Oxford, Ohio has as a long history of being a charming college town. Our unique brick roads, our old buildings home to apartments with lovely woodwork around bay windows, and our inviting uptown park complete with a stage, fountains, a retired cannon and cement animals. Oxford is home to Miami University, and all that has to offer paired with the benefits of small town tight knit relationships and simple ways of living.
A few years ago I made a social media post about my disappointment in how inaccessible some businesses in Oxford are to those with mobility issues, particularly wheelchair users.
In the time since I made that post, those businesses have not changed at all, but our family has changed a lot. We are more confident in our role as advocates for our child and in his ability to live a fulfilled life. I no longer allow inaccessible spaces to ruin my day, but I do know that I can’t let it slide when simple failures can be addressed by business owners and policy makers.
I spent a muggy Sunday morning walking around uptown Oxford and taking notes on how each business falls short, and what they could do to become more accessible to wheelchair users.
According to the National Institute of Health (NIH) their are 2.7 Million Americans who use wheelchairs. This number is expected to rise exponentially as our population of Baby Boomers age along with increasing longevity.
I could spend hours telling you all the economic reasons that businesses should make themselves accessible to wheelchair users but when it comes down to it, it’s just common sense. When you make your business available to more people, you get more business.
My observations of each business where focused on the front entry, not the interior of the business. This is the one time you should judge a book by its cover. If you can’t get through the front door, nothing else really matters. I looked for steps, threshold heights, door width, signage for options for wheelchair users (such as a rear entry or access to an elevator), and a power door button.
Of the eighty-one businesses that I saw there are only two locations that a power wheelchair user could enter completely independently. Let that sink in, only two. Bank of America at 32 East High Street and The Elms Hotel at 75 S Main street.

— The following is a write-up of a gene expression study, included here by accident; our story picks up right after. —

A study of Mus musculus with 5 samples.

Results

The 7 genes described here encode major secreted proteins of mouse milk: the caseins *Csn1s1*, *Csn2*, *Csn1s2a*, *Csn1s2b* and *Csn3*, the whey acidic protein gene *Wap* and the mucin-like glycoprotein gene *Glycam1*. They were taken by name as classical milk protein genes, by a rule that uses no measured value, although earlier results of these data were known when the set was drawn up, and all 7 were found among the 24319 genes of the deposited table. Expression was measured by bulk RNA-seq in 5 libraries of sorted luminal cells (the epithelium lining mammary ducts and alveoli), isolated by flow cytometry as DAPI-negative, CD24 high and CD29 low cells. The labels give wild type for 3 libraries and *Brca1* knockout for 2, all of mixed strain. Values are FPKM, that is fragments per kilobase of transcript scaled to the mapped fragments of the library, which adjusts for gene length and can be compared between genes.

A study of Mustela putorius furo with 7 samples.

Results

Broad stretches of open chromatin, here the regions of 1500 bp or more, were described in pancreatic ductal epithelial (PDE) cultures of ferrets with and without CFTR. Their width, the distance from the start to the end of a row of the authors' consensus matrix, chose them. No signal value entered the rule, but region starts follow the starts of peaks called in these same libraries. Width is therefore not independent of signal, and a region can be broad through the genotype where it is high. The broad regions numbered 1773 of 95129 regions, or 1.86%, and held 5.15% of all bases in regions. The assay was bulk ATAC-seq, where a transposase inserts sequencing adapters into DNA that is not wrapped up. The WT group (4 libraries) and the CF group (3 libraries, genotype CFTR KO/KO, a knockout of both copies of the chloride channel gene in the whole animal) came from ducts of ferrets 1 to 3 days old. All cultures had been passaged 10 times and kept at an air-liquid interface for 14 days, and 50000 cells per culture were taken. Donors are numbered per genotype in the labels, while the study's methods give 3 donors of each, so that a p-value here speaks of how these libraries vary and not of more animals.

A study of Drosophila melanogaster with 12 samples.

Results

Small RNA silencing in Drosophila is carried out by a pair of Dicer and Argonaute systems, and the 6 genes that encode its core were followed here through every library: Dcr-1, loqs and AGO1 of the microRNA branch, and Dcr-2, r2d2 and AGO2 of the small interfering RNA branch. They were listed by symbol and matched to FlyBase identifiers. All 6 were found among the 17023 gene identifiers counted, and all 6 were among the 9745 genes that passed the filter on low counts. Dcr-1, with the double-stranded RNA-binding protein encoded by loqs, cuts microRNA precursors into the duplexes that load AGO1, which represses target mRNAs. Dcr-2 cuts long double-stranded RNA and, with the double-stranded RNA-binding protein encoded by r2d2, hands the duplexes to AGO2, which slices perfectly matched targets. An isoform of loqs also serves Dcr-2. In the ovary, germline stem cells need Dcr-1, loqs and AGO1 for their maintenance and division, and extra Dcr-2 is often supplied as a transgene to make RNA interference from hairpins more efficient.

Bank of America has a small incline into it’s entry, a very small threshold, enough width for easy passing of a wheelchair and amazingly enough a working automatic door with button low enough for use! This is great and a model of how easy it can be to make it happen. More exciting still, this is an old building, further proof that it can be done!
The next group of businesses have a flat entry with no or very low door threshold but are less accessible due to no automatic entry button. When the door has to be opened by someone else it takes away a level of independence, especially when the door is very heavy. Oxford has many businesses that fit this level of accessibility.
A few businesses in town have thresholds that are a bit too large and too hard for a wheelchair to navigate. The difference of a few inches could make a space completely inaccessible. You’re Fired, Faded Traditions, Wild Berry and Smoke Time could do better by creating a small ramp.
The next group are the businesses that have problem solved their location by adding either a rear entry or an elevator in a different location. I appreciate the effort made to find a way to make a place accessible but I also remind people that rear entries make wheelchair users feel like second class citizens and add extra work and navigating in order to get inside. Imagine it’s cold outside but you have to go around the building to get to an elevator, only to find it requires a pass code, and then to find the elevator is broken. Steinkellar, Oxford Community Arts Center, Mac and Joe’s and Left Field Tavern fit this level of accessibility. The importance of signs to alert users of another available entry is just as important as having the entry.
The final list are the businesses that are completely inaccessible to someone who uses a wheelchair or who can’t navigate steps. They completely lose business because of a simple set of stairs. They absolutely must do better. Oxford Chamber of Commerce, Uptown Tattoo, Tobacco and Vape,Top Deck, Vertigo, The Den, Oxford Flower and Gifts, Salon Signature, CJ’s, Subway, Oxford Originals, Bar 1868, Chuan/Panda Garden, Rittgers Attorney and Vape 27.
I am beyond grateful for the Americans with Disability Act and what is has meant for people with disabilities. We need to be better as a culture at finding ways of meeting the needs of everyone. My goal with this blog post is the focus on the good, and I hope that we can improve the areas in which we are failing. It starts local and Oxford can do better. I challenge you, when you go to your favorite restaurant or shop, please look around and if you see a barrier please call it out to the business. When we know better, we do better.